Netherlands-based transfer booking software company Transferz recently collected €6.5 million to continue its global growth trajectory.
The round was led by family offices and private investors including the former Dutch finance minister Jan Kees de Jager.
The Amsterdam startup provides travel agencies with API software integrations for arranging taxis to and from airports, seaports and railway stations.
The APIs integrate directly into the travel brand's IT systems and support taxi journeys to around 750 transport hubs globally.
A number of global travel brands, across the corporate and leisure journey segments, currently have signed up to use Transferz technology.
The startup said the latest funding would go to solidifying its reach in the hope of becoming a "determined winner in the pre-booked ground transportation industry."
Most journeys it processes at the moment are in private transfer taxis, provided by a fleet of electric, private and luxury automotive drivers. Transferz now proposes to add more ground transport modes to its platform. It says it has been able to ensure its taxi drivers receive fair renumeration, something of a fault line for mobility startups given lessons learned by Uber and others.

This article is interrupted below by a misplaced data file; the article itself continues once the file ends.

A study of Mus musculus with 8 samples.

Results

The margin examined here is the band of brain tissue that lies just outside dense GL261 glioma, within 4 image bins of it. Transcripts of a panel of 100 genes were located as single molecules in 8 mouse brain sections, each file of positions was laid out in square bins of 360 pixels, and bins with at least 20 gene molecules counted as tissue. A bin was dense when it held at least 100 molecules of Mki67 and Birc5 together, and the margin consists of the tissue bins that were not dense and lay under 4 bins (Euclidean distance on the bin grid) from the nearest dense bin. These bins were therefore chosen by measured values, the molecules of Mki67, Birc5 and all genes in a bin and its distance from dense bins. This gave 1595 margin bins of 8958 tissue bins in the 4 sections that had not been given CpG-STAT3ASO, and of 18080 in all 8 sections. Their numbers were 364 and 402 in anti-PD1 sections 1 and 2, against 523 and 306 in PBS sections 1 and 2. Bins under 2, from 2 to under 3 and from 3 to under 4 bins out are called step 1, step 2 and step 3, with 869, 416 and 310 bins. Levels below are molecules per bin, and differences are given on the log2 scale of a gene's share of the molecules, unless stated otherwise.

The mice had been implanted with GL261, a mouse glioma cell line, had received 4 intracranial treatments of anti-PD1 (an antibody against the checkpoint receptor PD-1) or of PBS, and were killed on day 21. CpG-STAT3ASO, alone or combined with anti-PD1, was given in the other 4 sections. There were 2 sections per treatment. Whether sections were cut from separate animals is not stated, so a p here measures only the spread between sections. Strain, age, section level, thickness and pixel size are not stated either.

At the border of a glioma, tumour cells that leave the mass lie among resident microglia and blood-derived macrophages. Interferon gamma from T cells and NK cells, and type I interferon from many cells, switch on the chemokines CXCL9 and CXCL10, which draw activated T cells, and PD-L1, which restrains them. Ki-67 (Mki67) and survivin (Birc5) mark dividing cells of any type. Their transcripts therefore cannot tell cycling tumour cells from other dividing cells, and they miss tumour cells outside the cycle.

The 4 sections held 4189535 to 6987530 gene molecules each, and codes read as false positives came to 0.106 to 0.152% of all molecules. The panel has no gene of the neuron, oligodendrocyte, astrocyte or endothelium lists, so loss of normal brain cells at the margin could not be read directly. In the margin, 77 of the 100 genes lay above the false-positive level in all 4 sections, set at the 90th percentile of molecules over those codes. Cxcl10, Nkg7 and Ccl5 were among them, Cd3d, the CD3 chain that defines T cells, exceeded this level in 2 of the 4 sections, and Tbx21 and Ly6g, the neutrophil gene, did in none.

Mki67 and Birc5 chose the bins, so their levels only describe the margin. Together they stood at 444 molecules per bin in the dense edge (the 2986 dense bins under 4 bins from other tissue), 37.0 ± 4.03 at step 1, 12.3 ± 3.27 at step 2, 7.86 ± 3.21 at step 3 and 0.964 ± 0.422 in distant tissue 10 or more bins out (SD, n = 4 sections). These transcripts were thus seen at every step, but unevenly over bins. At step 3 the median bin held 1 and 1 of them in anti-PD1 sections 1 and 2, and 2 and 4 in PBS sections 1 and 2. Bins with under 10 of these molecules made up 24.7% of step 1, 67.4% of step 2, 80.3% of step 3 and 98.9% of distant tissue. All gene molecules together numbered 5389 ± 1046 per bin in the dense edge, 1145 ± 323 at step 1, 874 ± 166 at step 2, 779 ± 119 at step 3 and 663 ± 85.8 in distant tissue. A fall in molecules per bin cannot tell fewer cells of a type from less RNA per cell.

Johan van Vulpen, Transferz CEO, said: " This new funding round will allow us to further invest in our technology and to expand our offerings on the Transferz tech platform, with a wider range of ground transportation options in addition to private transfers.
"This means our travel partners and their travellers can experience a truly reliable, automated, and sustainable mobility solution."
Lead investor Jan Kees de Jager, who currently resides in Dubai, added: "We believe that Transferz has the potential to be a game-changer in the pre-booked ground transportation industry, not just in terms of its technology and platform, but also in its commitment to sustainability.
"An impeccable technology-driven process that provides a delightful experience for travelers – which happens to be the crucial component that lacks in the current travel industry.